The roundish island is located 60 nautical miles from Port Sudan on the southeastern edge of the northern Suakin Group.
Barra Musa Kebir is covered with green bushes in the middle. Sea turtles use the beach to lay their eggs. On the south side there is an extremely attractive plateau. On the west and east side there are drop-offs that will delight any wall diver.
The reef wall is rugged and drops off vertically for the first 10 to 15 meters. Lionfish wait in the reef crevices or under ledges for the night to catch prey. Small longnose hawkfish hide in the branches of fan gorgonians. Below the wall begins a two-step slope covered with coral heads. One notices the numerous soft corals that populate the slope. As on the other sides, various species of sharks can be encountered.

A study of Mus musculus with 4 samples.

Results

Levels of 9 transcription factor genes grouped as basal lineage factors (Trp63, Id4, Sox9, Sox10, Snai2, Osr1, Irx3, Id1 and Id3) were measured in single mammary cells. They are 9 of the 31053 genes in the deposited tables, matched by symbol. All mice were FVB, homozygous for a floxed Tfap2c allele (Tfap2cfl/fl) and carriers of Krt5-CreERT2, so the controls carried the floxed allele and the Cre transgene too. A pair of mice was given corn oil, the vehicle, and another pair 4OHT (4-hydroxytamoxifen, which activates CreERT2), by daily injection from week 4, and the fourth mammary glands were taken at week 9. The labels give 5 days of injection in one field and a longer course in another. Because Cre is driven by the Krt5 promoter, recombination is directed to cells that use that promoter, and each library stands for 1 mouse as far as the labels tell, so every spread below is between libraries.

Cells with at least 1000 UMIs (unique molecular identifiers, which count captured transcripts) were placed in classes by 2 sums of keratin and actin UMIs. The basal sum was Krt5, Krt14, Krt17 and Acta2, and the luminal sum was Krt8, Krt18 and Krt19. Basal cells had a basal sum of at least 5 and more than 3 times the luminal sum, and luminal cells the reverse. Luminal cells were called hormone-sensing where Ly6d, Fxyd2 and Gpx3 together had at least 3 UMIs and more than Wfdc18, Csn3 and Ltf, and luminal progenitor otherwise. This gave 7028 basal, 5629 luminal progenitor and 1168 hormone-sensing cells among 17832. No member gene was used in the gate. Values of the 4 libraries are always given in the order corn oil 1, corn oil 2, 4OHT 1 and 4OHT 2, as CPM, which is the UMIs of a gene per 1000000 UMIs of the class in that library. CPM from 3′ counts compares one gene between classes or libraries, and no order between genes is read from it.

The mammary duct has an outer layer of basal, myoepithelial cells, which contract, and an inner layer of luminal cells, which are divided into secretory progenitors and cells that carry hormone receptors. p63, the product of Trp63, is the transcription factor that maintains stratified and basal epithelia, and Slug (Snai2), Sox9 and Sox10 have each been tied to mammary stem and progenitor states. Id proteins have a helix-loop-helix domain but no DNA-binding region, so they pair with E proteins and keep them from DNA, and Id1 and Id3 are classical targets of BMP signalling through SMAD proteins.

From the water surface to the base of the plateau, the reef wall drops almost vertically. It forms numerous crevices and small caves populated by various marine life. The plateau slopes gently downward from a depth of 23 meters. It is covered with small coral heads covered with soft corals. From diadem sea urchins and hair stars to surgeon fish and giant moray eels, many interesting things can be observed in a very small space. With a bit of luck, you may spot a stonefish lying in ambush. At the edge, at a depth of 26 meters, the visitor reaches an almost vertical drop-off, which has large caves in places. Especially at the southern tip, large fish are encountered.
- Schools of tuna and large barracudas as well as single gray and hammerhead sharks are among the guests. Sea turtles often swim in the shallower area. Depending on the season, manta rays also pass by the reef.